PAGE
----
Mobility has been slowly falling in the United States since the 1980s. Why?
One possibility is demographic changes. Older people, for example, are less likely to move than younger people so increases in the elderly population might explain declines in mobility. Mobility has declined, however, for people of all ages. In the 1980s, for example, 3.6% of people aged 25-44 had moved in the last year but in the 2000s only 2.2% of this age group had moved.
In fact,within age, gender, race, home ownership status, whether your spouse works or not, income class, and employment status so whatever the cause of declining mobility it has to be big enough to affect large numbers of people across a range of demographics.
My best guess is that the decline in mobility is due to problems in our housing markets (I draw here on anby Peter Ganong and Daniel Shoag).
It used to be that poor people moved to rich places. A janitor in New York, for example, used to earn more than a janitor in Alabama even after adjusting for housing costs. As a result, janitors moved from Alabama to New York, in the process raising their standard of living and reducing income inequality.
Today, however, after taking into account housing costs, janitors in New York earn less than janitors in Alabama. As a result, poor people no longer move to rich places. Indeed, there is now a slight trend for poor people to move to poor places because even though wages are lower in poor places, housing prices are lower yet.
Ideally, we want labor and other resources to move from low productivity places to high productivity places — this dynamic reallocation of resources is one of the causes of rising productivity. But for low-skill workers the opposite is happening — housing prices are driving them from high productivity places to low productivity places.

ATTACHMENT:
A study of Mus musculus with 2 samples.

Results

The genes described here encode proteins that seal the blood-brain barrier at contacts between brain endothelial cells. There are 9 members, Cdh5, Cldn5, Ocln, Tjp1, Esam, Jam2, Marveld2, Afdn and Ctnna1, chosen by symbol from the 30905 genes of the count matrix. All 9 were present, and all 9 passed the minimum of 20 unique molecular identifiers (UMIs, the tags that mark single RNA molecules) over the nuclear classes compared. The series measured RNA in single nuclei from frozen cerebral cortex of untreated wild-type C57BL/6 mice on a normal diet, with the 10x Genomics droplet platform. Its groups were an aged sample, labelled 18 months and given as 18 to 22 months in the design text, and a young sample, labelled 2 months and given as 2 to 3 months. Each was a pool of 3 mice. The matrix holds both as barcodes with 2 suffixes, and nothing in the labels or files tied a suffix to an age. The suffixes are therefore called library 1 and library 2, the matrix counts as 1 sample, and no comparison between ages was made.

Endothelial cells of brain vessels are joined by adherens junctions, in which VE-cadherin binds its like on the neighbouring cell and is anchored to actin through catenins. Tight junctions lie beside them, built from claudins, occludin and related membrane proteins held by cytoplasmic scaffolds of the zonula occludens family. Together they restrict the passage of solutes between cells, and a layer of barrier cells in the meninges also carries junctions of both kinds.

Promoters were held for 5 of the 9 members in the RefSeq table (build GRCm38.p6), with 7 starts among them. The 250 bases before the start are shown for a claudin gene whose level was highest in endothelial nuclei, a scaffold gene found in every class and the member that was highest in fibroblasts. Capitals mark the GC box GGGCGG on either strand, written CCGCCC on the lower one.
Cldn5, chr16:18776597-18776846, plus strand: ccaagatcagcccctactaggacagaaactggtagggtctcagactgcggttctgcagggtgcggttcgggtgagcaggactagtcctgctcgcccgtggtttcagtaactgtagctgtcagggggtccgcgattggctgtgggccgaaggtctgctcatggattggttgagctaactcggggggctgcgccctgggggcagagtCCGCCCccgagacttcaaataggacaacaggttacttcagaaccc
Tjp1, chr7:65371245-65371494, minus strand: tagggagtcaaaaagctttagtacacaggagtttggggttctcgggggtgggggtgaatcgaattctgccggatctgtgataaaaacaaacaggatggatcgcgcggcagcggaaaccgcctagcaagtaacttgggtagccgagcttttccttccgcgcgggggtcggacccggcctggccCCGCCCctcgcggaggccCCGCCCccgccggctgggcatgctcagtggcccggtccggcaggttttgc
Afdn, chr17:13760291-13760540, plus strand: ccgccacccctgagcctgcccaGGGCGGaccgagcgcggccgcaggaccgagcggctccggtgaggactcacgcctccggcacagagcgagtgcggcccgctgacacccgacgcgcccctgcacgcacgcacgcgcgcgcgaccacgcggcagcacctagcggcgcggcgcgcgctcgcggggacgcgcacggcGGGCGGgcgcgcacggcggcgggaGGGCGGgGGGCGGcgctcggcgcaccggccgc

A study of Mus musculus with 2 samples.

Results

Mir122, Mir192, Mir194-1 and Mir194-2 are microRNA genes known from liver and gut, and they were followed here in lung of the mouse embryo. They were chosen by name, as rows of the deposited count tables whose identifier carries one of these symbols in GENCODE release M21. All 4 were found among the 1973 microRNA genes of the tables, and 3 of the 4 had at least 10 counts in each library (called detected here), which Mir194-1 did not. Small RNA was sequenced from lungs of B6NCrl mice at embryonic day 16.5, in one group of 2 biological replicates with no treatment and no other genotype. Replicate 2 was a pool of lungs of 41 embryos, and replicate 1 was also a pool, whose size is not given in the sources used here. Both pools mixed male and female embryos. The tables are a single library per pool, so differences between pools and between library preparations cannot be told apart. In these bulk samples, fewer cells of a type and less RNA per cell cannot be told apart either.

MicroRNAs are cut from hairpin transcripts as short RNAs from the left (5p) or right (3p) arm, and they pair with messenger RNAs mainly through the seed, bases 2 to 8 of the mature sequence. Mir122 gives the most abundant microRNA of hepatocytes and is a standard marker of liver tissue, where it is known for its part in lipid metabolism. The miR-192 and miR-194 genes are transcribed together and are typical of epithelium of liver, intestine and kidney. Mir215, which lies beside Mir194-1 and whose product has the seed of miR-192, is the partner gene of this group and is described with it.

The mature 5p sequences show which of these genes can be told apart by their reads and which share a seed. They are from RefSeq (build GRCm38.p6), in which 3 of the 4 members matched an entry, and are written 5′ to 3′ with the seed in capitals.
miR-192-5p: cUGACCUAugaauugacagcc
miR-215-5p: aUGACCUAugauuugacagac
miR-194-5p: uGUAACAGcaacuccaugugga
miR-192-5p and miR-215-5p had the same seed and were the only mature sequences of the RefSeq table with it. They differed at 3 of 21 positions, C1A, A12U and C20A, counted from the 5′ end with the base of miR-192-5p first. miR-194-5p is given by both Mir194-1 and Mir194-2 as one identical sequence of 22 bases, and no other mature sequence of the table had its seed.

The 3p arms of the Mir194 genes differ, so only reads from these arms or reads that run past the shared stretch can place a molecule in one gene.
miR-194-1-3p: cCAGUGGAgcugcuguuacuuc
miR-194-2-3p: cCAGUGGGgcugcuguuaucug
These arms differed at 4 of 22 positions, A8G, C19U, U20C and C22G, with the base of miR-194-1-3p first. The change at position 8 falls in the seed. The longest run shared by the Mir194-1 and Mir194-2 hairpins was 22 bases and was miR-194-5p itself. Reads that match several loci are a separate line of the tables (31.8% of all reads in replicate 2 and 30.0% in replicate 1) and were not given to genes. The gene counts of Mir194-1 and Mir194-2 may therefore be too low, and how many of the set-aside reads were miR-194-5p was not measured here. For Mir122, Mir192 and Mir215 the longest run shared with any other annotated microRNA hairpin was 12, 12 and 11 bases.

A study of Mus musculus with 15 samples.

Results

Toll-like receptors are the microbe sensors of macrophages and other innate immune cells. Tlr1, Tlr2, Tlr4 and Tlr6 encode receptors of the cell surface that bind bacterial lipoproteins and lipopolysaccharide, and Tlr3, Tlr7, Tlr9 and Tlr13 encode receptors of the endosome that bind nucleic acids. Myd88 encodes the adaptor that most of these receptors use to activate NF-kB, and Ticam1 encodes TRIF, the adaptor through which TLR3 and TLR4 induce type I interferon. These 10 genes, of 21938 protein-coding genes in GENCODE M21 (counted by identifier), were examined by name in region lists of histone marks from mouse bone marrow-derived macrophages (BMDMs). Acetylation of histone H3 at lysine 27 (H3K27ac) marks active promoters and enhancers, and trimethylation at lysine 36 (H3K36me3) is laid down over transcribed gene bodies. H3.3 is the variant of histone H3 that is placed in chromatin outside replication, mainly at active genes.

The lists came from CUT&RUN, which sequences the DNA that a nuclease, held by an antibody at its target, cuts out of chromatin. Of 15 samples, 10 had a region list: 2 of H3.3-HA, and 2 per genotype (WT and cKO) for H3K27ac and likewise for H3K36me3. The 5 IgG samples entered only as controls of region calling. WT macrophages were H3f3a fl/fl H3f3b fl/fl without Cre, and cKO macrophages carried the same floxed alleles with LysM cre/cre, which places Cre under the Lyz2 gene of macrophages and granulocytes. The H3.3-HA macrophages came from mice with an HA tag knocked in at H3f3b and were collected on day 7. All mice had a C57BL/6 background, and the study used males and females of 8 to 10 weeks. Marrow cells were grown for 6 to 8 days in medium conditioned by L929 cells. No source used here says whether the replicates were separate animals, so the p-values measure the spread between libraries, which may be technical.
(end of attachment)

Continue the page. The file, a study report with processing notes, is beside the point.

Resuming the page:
Furthermore, when low-skill workers end up in low-productivity places, wages are lower so there are fewer reasons to be employed and there aren’t high-wage jobs in the area so the incentives to increase human capital are dulled. The process of poverty becomes self-reinforcing.
Why has housing become so expensive in high-productivity places? It is true that there are geographic constraints (Manhattan isn’t getting any bigger), but zoning and other land use restrictions including historical and environmental “protection” are reducing the amount of land available for housing and how much building can be done on a given piece of land. As a result, in places with lots of restrictions on land use, increased demand for housing shows up mostly in house prices rather than in house quantities.
In the past, when a city like New York became more productive, it attracted the poor and rich alike and, as the poor moved in, more housing was built, and the wages and productivity of the poor increased, and national inequality declined. Now, when a city like San Jose becomes more productive, people try to move to the city but housing doesn’t expand so the price of housing rises and only the highly skilled can live in the city.
The end result is high-skilled people living in high-productivity cities and low-skilled people live in low-productivity cities. On a national level, land restrictions mean less mobility, lower national productivity, and increased income and geographic inequality.